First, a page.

And I use art in the loosest sense of the word. While the State Department supposedly didn’t have enough money to cover security at the Benghazi mission… leading to the murder of four Americans… it seems to have plenty to dump on Art in Embassies.
The “work” Black Arch by two Saudi sisters looks like a leftover prop from Studio 54. It’s reportedly very popular among Khat-chewers and those importing some mind-expanding Western drugs.
What is it about? As with all modern art, there’s a statement. Because just seeing it tells you absolutely nothing because it is absolutely nothing.
“The work is a stage, set to project the artists’ collective memory of Black — the monumental absence of colour — and physical representation of Black, referring to their past.”
So it’s black. Really black. Like the hearts of top staffers at the State Department.
The experience with the physical presence of Black is striking for the artists as Raja explains, “I grew up aware of the physical presence of Black all around, the black silhouettes of Saudi women, the black cloth of the Al ka’ba and the black stone which supposedly is said to have enhanced our knowledge.”
Look! There are black things in our culture. And we’re referencing them. It’s art.
So enmeshed in all that blackness, the State Department knew it just had to have the giant mirror and paid $150,000 in taxpayer money for the glorious privilege of owning this fantastic work of art.
Saudi Arabia is hardly a free society, but the Alem sisters behind it and their Black Arch was heavily promoted by the Saudi establishment. The stupid mirror thing was actually commissioned by Deputy Minister of Culture Abdulaziz Alsebail. Somehow we ended up paying for it instead.
But somehow is usually pretty straightforward when it comes to the State Department letting the Saudis use them like human puppets.
The Black Arch was meant to represent a link between Mecca and Venice, which made the State Department’s purchase of it all the dumber. But here’s the Saudi explanation of its meaning from Abdulaziz Alsebail.
The Kingdom of Saudi Arabia is a modern state with a rich culture, deeply rooted in history. The most monumental event in the history of Arabia was the revelation of Islam, a humanitarian message that is proud and respectful of the conviction of others and seeks to achieve peace in the world.
The Venice Biennale has been, for over a century the meeting place for artists and the showcase of the best art the world has to offer. It is the largest, most influential and most established art event, and this is why the Kingdom of Saudi Arabia has chosen it as a platform to bring forth the message of the Saudi people who are confident of their values, and proud of their authenticity.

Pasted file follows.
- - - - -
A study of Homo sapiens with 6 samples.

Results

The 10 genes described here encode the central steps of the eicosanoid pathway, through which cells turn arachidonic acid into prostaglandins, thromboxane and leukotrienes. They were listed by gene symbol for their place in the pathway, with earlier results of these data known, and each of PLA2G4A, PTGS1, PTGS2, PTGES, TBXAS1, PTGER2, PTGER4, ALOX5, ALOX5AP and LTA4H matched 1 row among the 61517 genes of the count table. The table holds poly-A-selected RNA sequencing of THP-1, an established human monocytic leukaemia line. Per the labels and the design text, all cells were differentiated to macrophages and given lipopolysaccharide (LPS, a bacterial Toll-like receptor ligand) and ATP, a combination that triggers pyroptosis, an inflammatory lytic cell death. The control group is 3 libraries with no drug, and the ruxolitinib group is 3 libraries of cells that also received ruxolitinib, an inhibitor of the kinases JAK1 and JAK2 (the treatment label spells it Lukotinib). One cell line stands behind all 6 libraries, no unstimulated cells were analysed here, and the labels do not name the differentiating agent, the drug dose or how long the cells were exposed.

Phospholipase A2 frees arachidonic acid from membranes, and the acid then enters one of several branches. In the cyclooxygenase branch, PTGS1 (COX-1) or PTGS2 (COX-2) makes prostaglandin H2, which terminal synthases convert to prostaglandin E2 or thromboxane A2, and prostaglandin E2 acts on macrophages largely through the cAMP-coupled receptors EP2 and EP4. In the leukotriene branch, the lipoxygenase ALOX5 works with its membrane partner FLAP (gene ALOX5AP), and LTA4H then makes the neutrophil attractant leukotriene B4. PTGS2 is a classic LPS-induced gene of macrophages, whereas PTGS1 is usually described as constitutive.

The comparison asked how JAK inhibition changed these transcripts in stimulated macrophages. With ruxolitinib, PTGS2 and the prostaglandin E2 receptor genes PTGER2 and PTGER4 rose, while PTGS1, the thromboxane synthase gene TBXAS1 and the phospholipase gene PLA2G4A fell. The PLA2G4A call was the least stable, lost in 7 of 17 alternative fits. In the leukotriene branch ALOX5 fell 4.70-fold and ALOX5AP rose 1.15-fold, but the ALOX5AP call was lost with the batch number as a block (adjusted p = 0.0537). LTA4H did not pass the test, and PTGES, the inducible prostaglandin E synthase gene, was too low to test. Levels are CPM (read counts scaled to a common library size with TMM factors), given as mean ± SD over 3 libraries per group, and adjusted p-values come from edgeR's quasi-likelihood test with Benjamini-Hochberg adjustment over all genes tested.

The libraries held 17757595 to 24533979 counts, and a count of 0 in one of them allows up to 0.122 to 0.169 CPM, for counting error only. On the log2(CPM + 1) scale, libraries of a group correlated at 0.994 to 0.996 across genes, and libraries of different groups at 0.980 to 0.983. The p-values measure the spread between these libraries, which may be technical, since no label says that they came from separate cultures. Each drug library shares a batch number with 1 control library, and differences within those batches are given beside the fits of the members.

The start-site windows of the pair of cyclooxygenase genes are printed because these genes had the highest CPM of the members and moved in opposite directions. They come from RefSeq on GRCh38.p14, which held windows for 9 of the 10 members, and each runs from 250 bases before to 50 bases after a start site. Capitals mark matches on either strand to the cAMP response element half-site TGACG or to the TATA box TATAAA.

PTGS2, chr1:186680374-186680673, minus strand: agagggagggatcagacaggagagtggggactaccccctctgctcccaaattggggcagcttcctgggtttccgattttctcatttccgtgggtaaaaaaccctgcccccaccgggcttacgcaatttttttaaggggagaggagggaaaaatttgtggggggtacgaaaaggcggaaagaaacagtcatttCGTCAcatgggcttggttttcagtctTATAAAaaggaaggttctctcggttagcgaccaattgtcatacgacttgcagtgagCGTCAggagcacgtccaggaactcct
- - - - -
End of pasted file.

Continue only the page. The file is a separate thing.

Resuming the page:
We proudly support our artists Shadia and Raja Alem, who, in the Black Arch, chose their home city of Makkah, a central point of radiance to embrace Venice, a city of openness in a connection between East and West
They further experienced the mystery associated with black, Raja says, in the kiswah that is draped over the Ka’bah in the Great Mosque in Makkah, where they attended prayers every Friday with their mother. “When we look at the Ka’bah covered in black,” she says, “there is something unimaginable behind it.”
A few weeks after their visit, the sisters had sketched what became “The Black Arch.” Fuad Therman, director of Saudi Aramco’s King Abdulaziz Center for World Culture and a member of the Saudi selection committee, said the committee “appreciated the emotional depth and visual strength” of the Alems’ proposal.
While rich in symbolism, the Alems insist that “The Black Arch” is “not specific to any single place, culture or time,” and that it is open to personal interpretation. For example, says Shadia, the cube, “may represent the Ka’bah” at the center of the Great Mosque, and the spheres may represent pilgrims…
So this is basically Islamic art. The State Department wouldn’t spend money protecting Americans from Islamic terrorists, but did spend $150K on some symbolic reflection of Mecca.